There seems to largely be narcissism to blame- someone faking whatever it is to get attention or being pissed off at the attention these other people get or even that events/conditions/objects get (ex: they're pissy that the hurricane is getting noticed- there's a MAJOR risk of police, medical, government personnel to flip out on the people they're supposed to help during a crisis because of this). They'll either give real things a bad name or will act like anything genuine is bullshit so they get attention again.
Another thing is simply being too arrogant to like anything. These things are seen as bad things to be against them- then again, someone can't aim against what they don't know about. They're acting in a way that matches what they prefer, which they obviously know not to be the case. So more like "elaborate malice" or "a taste for tragedy." They CAN, of course, be arrogant at the same time.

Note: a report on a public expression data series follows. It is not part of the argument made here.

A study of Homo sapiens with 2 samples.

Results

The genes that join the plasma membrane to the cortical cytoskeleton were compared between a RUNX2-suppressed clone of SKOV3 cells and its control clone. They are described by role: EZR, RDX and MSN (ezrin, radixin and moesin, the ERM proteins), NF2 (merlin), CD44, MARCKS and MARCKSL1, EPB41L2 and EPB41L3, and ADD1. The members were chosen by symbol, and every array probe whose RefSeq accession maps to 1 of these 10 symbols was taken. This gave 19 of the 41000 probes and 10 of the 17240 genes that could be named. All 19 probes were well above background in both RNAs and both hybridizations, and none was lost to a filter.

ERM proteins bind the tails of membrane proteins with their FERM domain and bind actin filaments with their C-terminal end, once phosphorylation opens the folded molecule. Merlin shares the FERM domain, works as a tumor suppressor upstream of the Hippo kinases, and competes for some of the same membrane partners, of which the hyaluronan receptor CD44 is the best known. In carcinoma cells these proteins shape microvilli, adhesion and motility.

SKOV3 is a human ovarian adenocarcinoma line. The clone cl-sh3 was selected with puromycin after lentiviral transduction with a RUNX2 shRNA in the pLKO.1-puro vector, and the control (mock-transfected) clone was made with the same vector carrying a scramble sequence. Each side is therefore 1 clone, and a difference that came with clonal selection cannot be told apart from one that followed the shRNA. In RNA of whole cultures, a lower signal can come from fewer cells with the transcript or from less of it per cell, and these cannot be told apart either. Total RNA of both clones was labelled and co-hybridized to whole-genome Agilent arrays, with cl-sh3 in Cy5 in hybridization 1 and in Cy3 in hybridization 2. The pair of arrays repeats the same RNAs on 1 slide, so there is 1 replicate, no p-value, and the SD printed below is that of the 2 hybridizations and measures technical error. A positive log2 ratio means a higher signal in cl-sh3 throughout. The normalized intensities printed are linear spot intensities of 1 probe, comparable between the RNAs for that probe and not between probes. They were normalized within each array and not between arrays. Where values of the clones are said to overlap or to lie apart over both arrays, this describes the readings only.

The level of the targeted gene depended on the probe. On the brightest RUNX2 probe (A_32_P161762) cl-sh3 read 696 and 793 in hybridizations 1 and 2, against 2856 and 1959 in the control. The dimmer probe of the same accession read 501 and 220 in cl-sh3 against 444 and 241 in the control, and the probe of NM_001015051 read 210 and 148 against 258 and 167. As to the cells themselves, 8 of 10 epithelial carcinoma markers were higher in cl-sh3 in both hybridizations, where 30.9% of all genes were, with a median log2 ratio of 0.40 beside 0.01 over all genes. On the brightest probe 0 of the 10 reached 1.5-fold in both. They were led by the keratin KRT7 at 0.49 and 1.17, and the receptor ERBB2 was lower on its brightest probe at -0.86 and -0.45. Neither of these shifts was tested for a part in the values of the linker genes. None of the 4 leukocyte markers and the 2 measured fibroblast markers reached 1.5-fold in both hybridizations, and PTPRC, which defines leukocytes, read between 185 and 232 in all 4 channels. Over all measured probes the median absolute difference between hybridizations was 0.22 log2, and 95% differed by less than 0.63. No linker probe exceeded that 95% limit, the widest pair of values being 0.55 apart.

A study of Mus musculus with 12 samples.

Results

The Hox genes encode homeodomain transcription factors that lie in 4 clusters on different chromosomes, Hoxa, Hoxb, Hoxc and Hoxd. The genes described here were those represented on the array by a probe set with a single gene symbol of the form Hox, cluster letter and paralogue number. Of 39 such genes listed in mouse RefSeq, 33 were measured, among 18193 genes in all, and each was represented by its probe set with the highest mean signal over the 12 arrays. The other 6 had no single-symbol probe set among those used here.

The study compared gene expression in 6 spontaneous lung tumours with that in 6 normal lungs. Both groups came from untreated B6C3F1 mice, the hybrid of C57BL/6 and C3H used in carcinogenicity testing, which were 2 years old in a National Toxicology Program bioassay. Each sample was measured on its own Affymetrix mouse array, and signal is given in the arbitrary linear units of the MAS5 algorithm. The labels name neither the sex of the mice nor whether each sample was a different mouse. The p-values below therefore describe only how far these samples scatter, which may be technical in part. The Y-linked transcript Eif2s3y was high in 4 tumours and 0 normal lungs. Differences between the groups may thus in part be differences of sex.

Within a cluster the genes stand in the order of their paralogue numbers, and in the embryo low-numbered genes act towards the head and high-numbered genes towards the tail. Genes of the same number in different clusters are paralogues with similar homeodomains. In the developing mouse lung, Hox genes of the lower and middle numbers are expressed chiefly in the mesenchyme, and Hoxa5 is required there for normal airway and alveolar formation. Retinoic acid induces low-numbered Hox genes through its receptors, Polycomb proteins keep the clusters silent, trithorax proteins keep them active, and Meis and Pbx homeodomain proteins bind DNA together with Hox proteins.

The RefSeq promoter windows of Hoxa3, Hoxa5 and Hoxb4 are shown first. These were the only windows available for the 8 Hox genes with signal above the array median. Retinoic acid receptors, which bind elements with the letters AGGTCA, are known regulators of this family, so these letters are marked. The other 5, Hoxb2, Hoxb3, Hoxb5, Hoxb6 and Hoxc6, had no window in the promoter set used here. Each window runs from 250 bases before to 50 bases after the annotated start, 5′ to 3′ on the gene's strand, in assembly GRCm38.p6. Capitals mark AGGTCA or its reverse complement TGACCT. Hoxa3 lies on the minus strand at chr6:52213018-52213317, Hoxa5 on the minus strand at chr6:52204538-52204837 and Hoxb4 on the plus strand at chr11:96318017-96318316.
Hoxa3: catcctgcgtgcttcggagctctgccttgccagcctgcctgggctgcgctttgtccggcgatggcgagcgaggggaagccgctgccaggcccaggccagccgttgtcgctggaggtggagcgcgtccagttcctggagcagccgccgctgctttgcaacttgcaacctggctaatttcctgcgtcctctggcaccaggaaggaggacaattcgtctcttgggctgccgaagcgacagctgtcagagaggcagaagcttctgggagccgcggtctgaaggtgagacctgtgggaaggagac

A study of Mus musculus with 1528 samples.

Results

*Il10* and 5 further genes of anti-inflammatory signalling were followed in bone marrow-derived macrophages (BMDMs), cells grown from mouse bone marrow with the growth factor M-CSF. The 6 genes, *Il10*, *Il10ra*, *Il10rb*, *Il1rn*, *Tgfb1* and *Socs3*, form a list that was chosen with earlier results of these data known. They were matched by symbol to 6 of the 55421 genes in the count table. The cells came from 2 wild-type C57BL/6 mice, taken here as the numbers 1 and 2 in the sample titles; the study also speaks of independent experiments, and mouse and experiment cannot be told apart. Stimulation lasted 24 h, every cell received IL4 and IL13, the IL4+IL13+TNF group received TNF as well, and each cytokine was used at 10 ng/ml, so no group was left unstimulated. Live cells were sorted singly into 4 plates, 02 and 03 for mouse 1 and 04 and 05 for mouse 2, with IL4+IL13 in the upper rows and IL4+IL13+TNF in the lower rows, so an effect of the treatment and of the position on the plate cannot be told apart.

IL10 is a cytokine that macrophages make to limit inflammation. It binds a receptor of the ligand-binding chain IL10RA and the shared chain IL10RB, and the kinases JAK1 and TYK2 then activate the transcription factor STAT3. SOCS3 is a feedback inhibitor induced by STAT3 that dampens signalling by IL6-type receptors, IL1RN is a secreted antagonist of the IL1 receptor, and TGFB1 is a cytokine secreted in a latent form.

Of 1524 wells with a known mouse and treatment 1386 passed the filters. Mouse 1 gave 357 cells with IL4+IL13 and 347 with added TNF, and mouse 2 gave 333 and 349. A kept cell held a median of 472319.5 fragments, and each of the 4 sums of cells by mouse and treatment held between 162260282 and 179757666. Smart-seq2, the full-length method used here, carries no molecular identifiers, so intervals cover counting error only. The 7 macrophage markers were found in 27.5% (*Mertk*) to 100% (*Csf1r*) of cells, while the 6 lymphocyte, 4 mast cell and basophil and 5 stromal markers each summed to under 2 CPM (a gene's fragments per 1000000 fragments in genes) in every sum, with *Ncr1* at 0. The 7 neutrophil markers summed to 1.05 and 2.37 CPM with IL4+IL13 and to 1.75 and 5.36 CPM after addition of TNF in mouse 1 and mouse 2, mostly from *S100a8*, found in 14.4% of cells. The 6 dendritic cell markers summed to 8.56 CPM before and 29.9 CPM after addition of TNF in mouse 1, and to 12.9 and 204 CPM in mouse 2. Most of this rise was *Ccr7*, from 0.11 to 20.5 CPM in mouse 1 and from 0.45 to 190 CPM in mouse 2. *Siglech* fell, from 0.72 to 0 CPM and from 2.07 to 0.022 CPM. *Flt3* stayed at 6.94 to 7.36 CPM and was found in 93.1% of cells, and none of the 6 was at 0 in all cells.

A "negative identity" or "negating personality" can have it's roots in either of these things. This can all be a cultural commonality, even without the individual people actually being that way- kind of like following bad advice without being an idiot or a malicious person. Works for PASSING ALONG bad advice without being an idiot or malicious, too.
A lot of people don't do so well in America because of this trait. If they come to this country, expecting it to be more free or genuine, they seem to be almost universally disappointed & to a massive degree. Things get portrayed as rugged, independent, just, honorable/quixotic, insightful/accurate, and simply more functional than they actually tend to be in this country. In my experience, it's a nation that's almost completely antagonistic to all those things- even if their survival is at stake.
This is all unofficially, but functionally, the way things are- kind of like the tone of someone's voice (they might say a particular thing, but it's not actually that way- like when they say something hospitable with a threatening tone).